Iraq crisis: Danger looming on Baghdad as ISIS closes in on Baquba; US deploys troops
Zee Media Bureau/Supriya Jha
Baghdad: Danger is looming large on Iraq`s capital town as ISIS (Islamic State of Iraq and Syria) fighters on Tuesday pushed hard to take control of Baquba, just 60 km from Baghdad, attacking a jail there, killing 44 Shia prisoners.
Reports said that though Sunni militants were fighting hard to take Baquba, Iraqi military said the city was still in its control.
The Sunni militants earlier took control of various part of central city of Baquba yesterday overnight and captured a major police station and seized weapons.
Meanwhile, Iraq has shut down its biggest oil refinery in Baiji fearing severe destruction in case militants fired at the refinery. The authorities have also evacuated the foreign employees at the refinery, however the local staff remain in place and the military is still in control of the facility.
Earlier reports said that Sunni ISIS fighters had entered the town of Baiji and surrounded the refinery.
The recent crisis has sparked concerns across the globe with the US calling as horrible the online execution photos posted by the militants, while the United Nations said ISIS rebels had almost certainly committed war crimes by executing hundreds of non-combatant men in Iraq over the past five days.
The UN envoy to Baghdad Nickolay Mladenov has called the insurgency as "life-threatening" for Iraq, warning that Iraq`s sovereignty is at stake.
"Right now, it`s life-threatening for Iraq but it poses a serious danger to the region," Mladenov told AFP.
"Iraq faces the biggest threat to its sovereignty and territorial integrity" in years, he added.
The ISIS militants who took over Mosul and Tikrit last week were seen advancing with a lighting speed as they approach Baghdad. In the beginning Iraqi troops fled Mosul, discarding weapons and uniforms, but Iraqi security forces took time and gained ground and on Sunday claimed to have halted the Sunni rebels` advance by taking back many cities.
Iraqi troops claimed to have killed over 279 Sunni fighters belonging to the ISIS, and said that they were building up in town of Samarra to launch a counter-offensive on militants.
Several civilians too have taken up arms against the ISIS on the call of Grand Shiite cleric Ayatollah al-Sistani, who urged people to defend Baghdad.
If rebels manage to take control of Baquba - capital of Diyala province- which is just 37 miles away from Baghdad, then the capital city faces an open risk of falling in the jaws of danger as Sunni militants will have an easy access to Baghdad after having captured Baquba.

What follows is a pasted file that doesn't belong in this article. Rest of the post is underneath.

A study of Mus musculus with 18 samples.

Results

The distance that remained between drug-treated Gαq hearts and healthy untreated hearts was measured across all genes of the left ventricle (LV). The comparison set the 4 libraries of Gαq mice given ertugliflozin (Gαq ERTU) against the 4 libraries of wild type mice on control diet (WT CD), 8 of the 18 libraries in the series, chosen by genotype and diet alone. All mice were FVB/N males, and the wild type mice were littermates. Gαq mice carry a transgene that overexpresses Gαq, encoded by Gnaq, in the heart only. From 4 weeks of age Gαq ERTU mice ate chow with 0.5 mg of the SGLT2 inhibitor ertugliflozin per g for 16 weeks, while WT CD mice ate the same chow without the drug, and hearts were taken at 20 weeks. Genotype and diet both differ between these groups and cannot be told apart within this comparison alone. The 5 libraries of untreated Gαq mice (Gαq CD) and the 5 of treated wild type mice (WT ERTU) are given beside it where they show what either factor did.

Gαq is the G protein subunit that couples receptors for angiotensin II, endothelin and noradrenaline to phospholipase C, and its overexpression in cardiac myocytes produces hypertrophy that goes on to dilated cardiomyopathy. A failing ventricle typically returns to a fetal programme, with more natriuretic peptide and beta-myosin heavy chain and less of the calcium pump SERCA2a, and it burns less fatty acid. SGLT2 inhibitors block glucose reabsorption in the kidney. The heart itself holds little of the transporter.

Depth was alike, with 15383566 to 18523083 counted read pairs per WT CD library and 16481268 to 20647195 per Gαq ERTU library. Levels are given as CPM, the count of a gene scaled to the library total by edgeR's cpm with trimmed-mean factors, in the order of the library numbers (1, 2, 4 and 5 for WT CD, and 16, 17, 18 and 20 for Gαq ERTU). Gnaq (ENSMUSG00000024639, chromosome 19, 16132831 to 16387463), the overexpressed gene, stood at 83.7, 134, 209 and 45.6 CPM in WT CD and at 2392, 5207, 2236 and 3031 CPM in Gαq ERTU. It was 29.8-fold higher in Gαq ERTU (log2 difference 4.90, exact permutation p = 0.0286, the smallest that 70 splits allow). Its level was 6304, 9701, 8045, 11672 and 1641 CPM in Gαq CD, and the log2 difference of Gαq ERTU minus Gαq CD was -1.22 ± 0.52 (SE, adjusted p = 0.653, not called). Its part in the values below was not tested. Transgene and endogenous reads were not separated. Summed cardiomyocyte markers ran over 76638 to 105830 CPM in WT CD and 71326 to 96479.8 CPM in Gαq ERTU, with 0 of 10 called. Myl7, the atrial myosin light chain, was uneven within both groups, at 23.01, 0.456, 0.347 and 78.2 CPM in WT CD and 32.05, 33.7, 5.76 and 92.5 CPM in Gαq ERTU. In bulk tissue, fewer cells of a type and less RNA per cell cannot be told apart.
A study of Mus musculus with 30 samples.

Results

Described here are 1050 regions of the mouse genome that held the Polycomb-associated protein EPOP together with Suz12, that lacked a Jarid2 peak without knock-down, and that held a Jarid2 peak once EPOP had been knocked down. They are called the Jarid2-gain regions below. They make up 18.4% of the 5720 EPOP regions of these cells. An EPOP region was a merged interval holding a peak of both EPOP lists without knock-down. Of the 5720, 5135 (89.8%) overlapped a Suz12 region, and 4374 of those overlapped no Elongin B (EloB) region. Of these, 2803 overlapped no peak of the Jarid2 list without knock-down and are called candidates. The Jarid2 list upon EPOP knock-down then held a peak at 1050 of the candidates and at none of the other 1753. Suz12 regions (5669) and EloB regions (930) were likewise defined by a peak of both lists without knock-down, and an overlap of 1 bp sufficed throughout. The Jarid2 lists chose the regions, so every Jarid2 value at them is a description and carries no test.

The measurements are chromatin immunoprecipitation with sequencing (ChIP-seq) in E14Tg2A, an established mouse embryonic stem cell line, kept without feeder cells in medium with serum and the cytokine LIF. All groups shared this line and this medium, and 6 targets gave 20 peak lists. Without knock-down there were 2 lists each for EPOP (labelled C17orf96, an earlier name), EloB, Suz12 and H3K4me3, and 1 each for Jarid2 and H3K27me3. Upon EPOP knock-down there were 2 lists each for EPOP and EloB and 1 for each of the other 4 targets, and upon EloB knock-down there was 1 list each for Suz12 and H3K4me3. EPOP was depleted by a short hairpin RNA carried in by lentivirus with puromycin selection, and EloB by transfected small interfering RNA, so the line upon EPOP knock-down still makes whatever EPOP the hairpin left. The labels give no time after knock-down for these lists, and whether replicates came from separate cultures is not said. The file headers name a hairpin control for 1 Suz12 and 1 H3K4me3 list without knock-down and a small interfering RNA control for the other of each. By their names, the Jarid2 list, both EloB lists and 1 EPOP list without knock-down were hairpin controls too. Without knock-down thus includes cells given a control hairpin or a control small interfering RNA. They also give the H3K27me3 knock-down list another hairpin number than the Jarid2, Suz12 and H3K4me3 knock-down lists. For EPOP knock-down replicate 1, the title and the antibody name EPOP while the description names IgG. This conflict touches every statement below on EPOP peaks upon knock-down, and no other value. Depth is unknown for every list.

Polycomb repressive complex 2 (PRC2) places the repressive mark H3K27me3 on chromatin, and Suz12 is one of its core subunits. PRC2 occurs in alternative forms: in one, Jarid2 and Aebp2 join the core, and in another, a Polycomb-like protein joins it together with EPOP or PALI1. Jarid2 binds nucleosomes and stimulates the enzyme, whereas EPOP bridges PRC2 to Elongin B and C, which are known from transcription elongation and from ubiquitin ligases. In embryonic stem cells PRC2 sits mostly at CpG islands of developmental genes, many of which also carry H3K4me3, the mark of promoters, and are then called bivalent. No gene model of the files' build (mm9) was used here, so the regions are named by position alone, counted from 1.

However, the capital city has turned into a fortress with forces along with thousands of civilians taking up arms to save their town.
Thousand of Iraqis responded to Iraqi PM Nuri al-Maliki`s announcement regarding arming the volunteers and even children and old people were seen brandidhing rifles on streets of baghdad.
Meanwhile, the US has decided to send hundreds of non-combatant armed troops to Iraq – mainly to protect the embassy staff there and assist in their relocation. But the US may also send a special contingent of special forces to train Iraqi troops, aid reports.
According to a Reuters report, the US has urged Prime Minister Nouri al-Maliki to embrace Sunni politicians if Iraq wants American support against the Islamic State of Iraq and the Levant (ISIL) advance toward Baghdad.
However, Iraqi PM Nuri al-Maliki has chosen to refuse the US suggestion and decided to boycott Sunni politicians calling them "traitors".
Also, Maliki has accused Sunni power Saudi Arabia of fomenting militancy in Iraq by funding the Sunni terror groups.
In a statement by Iraqi PMO, Maliki said, "We hold them responsible for supporting these groups financially and morally, and for the outcome of that - which includes crimes that may qualify as genocide: the spilling of Iraqi blood, the destruction of Iraqi state institutions and historic and religious sites".
Maliki`s remarks against Saudi came after the Sunni regime earlier blamed PM Maliki`s "sectarian and exclusionary policies" for fuelling the insurgency.
The US` expected teaming up with Iran to fight ISIS in Iraq, has also not gone down well with Saudi, which has rejected foreign interference in Iraq.